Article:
Blood in the Stool (Rectal Bleeding)
Bhupinder S. Anand, MBBS, MD, DPHIL (OXON)
Dr. Anand received MBBS degree from Medical College Amritsar, University of Punjab. He completed his Internal Medicine residency at the Postgraduate Institute of medical Education and Research, Chandigarh, India. He was trained in the field of Gastroenterology and obtained the DPhil degree. Dr. Anand is board-certified in Internal Medicine and Gastroenterology.
- Rectal bleeding (blood in stool) facts
- What does rectal bleeding (blood in stool) mean?
- What are causes of blood in the stool (rectal bleeding)?
- What diseases and conditions can cause blood in the stool (rectal bleeding)?
- Anal fissures
- Colon cancer and polyps
- Colitis and proctitis
- Meckel's diverticulum
- Rare causes of rectal bleeding
- What kind of doctor treats rectal bleeding?
- When should I call a doctor for blood in the stool (rectal bleeding)?
- How is the cause of blood in the stool (rectal bleeding) diagnosed?
- History and physical examination
- Flexible sigmoidoscopy
- Radionuclide scans
- Visceral angiogram
- Video capsule and small intestine endoscopy
- MRI and CT tomographic angiography
- Nasogastric tube aspiration
- Blood tests
- What is the treatment for rectal bleeding (blood in the stool)?
- Can rectal bleeding (blood in the stool) be prevented?
- What is the prognosis of rectal bleeding (blood in the stool)?
- Find a local Gastroenterologist in your town
Rectal bleeding (blood in stool) facts
- Rectal bleeding is the passage of blood through the anus.
- The bleeding may result in bright red blood in the stool as well as maroon colored or black stool. The bleeding also may be occult (not visible with the human eye).
- The common causes of rectal bleeding from the colon include
- Rectal bleeding also may be seen with bleeding that is coming from higher in the instestinal tract, from the stomach, duodenum, or small intestine.
- Rectal bleeding may not be painful; however, other symptoms that may accompany rectal bleeding are diarrhea, and abdominal cramps due to the blood in the stool.
- Rectal bleeding is commonly evaluated and treated by gastroenterologists and colorectal or general surgeons. The origin of rectal bleeding is determined by history and physical examination, anoscopy, flexible sigmoidoscopy, colonoscopy, radionuclide scans, visceral angiograms, flexible endoscopy or capsule endoscopy of the small intestine, and blood tests.
- Rectal bleeding is managed first by correcting the low blood volume and anemia if present with blood transfusions and then, determining the site and cause of the bleeding, stopping the bleeding, and preventing future rebleeding.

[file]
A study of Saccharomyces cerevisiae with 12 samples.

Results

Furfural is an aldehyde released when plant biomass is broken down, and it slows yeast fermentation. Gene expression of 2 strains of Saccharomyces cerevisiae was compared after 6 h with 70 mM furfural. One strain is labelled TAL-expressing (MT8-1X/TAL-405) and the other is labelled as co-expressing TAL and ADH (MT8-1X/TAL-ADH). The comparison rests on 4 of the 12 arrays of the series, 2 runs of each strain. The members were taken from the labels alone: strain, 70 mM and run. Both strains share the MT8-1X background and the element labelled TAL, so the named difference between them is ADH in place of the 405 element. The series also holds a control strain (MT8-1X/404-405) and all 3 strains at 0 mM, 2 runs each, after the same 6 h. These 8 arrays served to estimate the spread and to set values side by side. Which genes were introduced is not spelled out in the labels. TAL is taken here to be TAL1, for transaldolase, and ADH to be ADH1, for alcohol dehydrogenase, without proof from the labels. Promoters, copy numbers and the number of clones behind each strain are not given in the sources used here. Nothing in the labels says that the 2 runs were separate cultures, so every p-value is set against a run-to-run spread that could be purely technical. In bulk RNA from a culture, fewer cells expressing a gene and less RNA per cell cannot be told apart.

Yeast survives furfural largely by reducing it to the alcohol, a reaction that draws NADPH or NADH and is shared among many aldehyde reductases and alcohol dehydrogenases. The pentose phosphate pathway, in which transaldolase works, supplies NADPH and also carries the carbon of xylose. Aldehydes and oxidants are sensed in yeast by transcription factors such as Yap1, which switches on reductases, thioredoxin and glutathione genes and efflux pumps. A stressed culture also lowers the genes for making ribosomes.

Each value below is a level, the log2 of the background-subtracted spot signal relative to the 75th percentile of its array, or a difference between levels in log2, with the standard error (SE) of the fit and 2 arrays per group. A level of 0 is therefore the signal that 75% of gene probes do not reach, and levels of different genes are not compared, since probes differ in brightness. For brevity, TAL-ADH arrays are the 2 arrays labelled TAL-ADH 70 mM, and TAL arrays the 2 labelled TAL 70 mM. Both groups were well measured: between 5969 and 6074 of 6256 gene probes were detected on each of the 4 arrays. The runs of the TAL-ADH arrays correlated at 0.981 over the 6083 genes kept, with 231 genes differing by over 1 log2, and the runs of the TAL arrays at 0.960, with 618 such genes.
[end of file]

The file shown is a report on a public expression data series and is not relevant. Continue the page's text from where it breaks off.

- Rectal bleeding can be prevented if the cause of the bleeding can be found and definitively treated, for example, by removing the bleeding polyp or tumor. In addition, it may be appropriate to search for additional abnormalities, for example, polyps or angiodysplasias that have not yet bled but may do so in the future. This may require either gastrointestinal endoscopy or surgery.
What does rectal bleeding (blood in stool) mean?
Rectal bleeding (known medically as hematochezia) refers to the passage of red blood from the anus, often mixed with stool and/or blood clots. It is called rectal bleeding because the rectum lies immediately above the anus, but red blood in the stool may be coming from the rectum, as discussed later, although it also may be coming from other parts of the gastrointestinal tract.) The severity of rectal bleeding (i.e., the quantity of blood that is passed) varies widely. Most episodes of rectal bleeding are mild and stop on their own. Many patients report only observing a few drops of fresh blood that turns the toilet water pink or observing spots of blood on the tissue paper after they wipe. Others may report brief passage of a spoonful or two of blood. Generally, mild rectal bleeding can be evaluated and treated in the doctor's office without hospitalization or the need for urgent diagnosis and treatment.
Bleeding also may be moderate or severe. Patients with moderate bleeding will repeatedly pass larger quantities of bright or dark red (maroon-colored) blood often mixed with stool and/or blood clots. Patients with severe bleeding may pass several bowel movements or a single bowel movement containing a large amount of blood. Moderate or severe rectal bleeding can quickly deplete a patient's body of blood, leading to symptoms of weakness, dizziness, near-fainting or fainting, and signs of low blood pressure or orthostatic hypotension (a drop in blood pressure when going from the sitting or lying position to the standing position). Rarely, the bleeding may be so severe as to cause shock from the loss of blood. Moderate or severe rectal bleeding usually is evaluated and treated in the hospital. Patients with signs and symptoms of a reduced volume of blood often require emergency hospitalization, and transfusion of blood.